What is the current status of the $2,000 Survival Checks?

In times of economic crisis, the government has often used “stimulus checks” as a way of boosting the economy.

Congress will pass a law that creates an advance on refundable tax credits.

In 2020, Congress created two stimulus checks – a $1,200 stimulus check created by the CARES Act and a smaller $600 stimulus check passed into law in late December.

Between when Congress passed the law and when President Trump signed it, the President repeatedly stated that $600 wasn't enough. ($600 isn't nearly enough) Trump said he supported $2,000 checks and the House of Representatives moved quickly to pass a law that offered it. The Senate, as of December 30th, has yet to take it up.

What are Survival Checks?

Much like death taxes (estate tax) and other fun political terms, a survival check is the same as a stimulus check. Calling it survival is a bit more accurate since the purpose of the funds is to help Americans with a bit of economic support. Many are out of work, which explains why the is also an extension and expansion of unemployment insurance benefits, and these checks are meant to help bolster their finances.

It was a name first used by Senate Minority Leader Check Schumer (D-NY) in a statement on December 29th: “Senator McConnell knows how to make $2,000 survival checks reality and he knows how to kill them. If Sen. McConnell tries loading up the bipartisan House-passed CASH Act with unrelated, partisan provisions that will do absolutely nothing to help struggling families across the country.”

$2,000 Survival Checks

The CASH Act, which passed the House of Representatives, replaced the $600 stimulus check with a $2,000 direct payment. It takes the structure of the $600 checks and makes the top-line number $2,000 while keeping the amount for dependents at $600 each.

If this were passed into law, any individual who earned $75,000 or less (adjusted gross income) would get $2,000 for themselves and $600 for each qualifying child age 16 and under. Joint couples who earned less than $150,000 would get $4,000 for themselves and $600 for each qualifying child 16 and under.

If you earned more than those amounts, the amount of your check would decrease by 5% for each dollar you earned above those limits. This phaseout is much larger given the larger checks, so single filers would still get a check if they made less than $115,000 (and had no dependents).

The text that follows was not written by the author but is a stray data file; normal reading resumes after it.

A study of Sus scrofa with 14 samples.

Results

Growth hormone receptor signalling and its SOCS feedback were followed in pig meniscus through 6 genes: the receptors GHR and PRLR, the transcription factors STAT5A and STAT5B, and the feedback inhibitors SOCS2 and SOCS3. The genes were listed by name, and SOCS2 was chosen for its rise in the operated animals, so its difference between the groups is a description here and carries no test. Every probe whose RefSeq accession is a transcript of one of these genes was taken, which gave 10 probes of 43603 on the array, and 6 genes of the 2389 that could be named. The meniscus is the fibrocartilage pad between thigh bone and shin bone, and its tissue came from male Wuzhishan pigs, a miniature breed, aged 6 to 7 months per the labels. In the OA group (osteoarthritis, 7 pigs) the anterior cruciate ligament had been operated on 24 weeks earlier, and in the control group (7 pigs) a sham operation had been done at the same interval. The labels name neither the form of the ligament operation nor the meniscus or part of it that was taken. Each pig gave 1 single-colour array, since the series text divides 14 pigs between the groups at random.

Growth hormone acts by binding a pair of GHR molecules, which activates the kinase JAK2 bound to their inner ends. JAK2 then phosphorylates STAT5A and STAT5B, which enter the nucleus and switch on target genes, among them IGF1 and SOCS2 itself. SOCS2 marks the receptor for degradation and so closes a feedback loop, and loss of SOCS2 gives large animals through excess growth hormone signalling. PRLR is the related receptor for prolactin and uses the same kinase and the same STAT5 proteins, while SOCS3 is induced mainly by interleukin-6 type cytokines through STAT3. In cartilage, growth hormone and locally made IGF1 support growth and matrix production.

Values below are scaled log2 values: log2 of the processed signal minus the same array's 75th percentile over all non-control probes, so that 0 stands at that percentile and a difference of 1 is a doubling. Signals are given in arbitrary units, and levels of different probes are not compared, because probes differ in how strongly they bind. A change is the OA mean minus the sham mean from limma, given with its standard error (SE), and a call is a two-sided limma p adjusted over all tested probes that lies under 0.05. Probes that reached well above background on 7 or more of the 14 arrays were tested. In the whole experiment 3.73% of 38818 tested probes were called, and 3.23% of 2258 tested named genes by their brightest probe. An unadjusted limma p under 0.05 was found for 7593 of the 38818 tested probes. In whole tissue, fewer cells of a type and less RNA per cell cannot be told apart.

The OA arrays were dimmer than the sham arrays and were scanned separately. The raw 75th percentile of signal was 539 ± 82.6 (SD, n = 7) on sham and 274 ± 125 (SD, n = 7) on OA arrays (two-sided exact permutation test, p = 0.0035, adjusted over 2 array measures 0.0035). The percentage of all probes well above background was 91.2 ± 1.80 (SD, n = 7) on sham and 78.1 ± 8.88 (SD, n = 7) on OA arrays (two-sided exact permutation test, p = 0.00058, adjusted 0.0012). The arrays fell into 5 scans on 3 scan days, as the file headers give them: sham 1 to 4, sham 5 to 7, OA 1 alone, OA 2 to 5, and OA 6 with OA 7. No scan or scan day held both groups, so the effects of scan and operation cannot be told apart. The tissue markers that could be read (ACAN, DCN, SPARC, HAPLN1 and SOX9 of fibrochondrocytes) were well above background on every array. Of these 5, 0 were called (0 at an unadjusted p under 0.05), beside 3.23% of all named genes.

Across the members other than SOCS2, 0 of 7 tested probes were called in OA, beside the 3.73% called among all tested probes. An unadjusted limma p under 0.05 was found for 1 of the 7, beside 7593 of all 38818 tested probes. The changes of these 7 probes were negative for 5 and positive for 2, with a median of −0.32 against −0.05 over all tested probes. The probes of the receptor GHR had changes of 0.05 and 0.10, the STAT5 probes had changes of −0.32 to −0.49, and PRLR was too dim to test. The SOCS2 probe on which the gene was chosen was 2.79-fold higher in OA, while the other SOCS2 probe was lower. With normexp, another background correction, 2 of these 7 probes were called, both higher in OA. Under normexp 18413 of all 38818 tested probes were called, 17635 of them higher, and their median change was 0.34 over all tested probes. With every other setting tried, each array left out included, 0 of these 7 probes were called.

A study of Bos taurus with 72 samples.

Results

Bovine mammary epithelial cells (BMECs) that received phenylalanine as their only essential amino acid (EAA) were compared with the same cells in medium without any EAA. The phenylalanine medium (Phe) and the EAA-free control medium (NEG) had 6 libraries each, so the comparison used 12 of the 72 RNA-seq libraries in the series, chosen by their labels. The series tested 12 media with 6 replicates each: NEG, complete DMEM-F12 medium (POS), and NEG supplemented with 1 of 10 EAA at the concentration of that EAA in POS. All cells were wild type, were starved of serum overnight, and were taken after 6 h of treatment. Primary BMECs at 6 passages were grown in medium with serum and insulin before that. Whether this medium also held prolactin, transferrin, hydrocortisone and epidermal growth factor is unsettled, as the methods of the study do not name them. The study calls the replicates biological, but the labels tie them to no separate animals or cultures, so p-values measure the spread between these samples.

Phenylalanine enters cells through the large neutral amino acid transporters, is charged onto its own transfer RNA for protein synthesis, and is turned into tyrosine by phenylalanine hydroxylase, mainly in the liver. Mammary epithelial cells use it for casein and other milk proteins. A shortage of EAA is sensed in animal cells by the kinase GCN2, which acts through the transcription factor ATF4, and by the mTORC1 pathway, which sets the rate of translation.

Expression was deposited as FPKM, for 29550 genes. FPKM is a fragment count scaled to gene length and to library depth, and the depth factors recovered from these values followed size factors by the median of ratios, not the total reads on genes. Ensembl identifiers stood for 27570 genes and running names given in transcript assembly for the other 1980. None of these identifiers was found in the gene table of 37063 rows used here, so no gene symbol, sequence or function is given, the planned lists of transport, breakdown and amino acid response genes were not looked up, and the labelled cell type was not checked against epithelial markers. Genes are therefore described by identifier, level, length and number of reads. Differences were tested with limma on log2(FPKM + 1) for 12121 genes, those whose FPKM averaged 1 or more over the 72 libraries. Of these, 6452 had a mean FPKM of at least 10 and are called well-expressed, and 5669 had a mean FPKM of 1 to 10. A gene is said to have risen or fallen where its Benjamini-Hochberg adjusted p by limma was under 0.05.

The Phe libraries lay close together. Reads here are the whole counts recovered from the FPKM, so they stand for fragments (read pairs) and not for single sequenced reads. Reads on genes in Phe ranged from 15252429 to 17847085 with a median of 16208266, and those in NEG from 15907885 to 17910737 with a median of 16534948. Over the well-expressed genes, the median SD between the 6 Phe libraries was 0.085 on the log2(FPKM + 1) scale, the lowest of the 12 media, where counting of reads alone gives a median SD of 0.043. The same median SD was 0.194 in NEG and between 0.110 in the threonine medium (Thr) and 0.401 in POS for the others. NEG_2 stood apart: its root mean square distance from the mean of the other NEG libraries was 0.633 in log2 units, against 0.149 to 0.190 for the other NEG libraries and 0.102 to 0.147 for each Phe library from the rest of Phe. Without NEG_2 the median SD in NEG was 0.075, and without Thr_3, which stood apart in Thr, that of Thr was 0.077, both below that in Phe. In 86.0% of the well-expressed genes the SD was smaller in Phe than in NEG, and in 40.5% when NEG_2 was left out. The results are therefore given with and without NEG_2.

How to Calculate Your Survival Check

To calculate how much you get, add up individuals to know your total amount ($2000 for single, $4,000 for joint; plus $600 per child 16 and under).

Then calculate the amount you earned (adjusted gross income from 2019) above the phaseout floors:

  • Single filer: $75,000
  • Joint filers: $150,000
  • Head of Household: $112,500

Multiply that amount by 0.05 and subtract it from your total.

One other wrinkle, based on the timing, is that the CASH Act updated the $600 stimulus check so as those checks go out, you will need to deduct what you received in the “first” round from this amount. For example, if a single were eligible for the full amount of the $600 checks then the passage of the CASH ACt would mean they get a second payment of $1400 ($2,000 minus the $600 already received).

When are the $2,000 Survival Checks Coming?

They have not passed the Senate and Senator Mitch McConnell tied the higher payments to other political issues – a repeal of legal protections for social media companies as well as a commission to investigate election fraud. Not uncommon in the political world, to be honest, but we have to see what the Senate does.

What's challenging is that the $600 checks were lowered to $600 (from $1,200 in the Cares Act) because Republican Senators were wary of passing too much stimulus. Several Republican Senators have said $2,000 would be too high and not targeted enough – so it's unclear whether it would pass even if Senator McConnell brought it up on its own (and as a result, he won't). Though the two Republican Senators in Georgia (Kelly Loeffler and David Perdue), who are facing a run-off, were quick to jump on the $2,000 check bandwagon.

If the $2,000 survival checks are passed into law, the Department of the Treasury has been very quick in sending out the next round of checks and I suspect they will be just as fast with futures ones too.

This is a developing story so I'll update this as we learn more.


Jim Wang is a thirty-something father of four who is a frequent contributor to Forbes and Vanguard's Blog. He has also been fortunate to have appeared in the New York Times, Baltimore Sun, Entrepreneur, and Marketplace Money.

Jim has a B.S. in Computer Science and Economics from Carnegie Mellon University, an M.S. in Information Technology - Software Engineering from Carnegie Mellon University, as well as a Masters in Business Administration from Johns Hopkins University. His approach to personal finance is that of an engineer, breaking down complex subjects into bite-sized easily understood concepts that you can use in your daily life.

One of his favorite tools (here's my treasure chest of tools,, everything I use) is Personal Capital, which enables him to manage his finances in just 15-minutes each month. They also offer financial planning, such as a Retirement Planning Tool that can tell you if you're on track to retire when you want. It's free.

He is also diversifying his investment portfolio by adding a little bit of real estate. But not rental homes, because he doesn't want a second job, it's diversified small investments in a few commercial properties and a farm in Illinois via AcreTrader.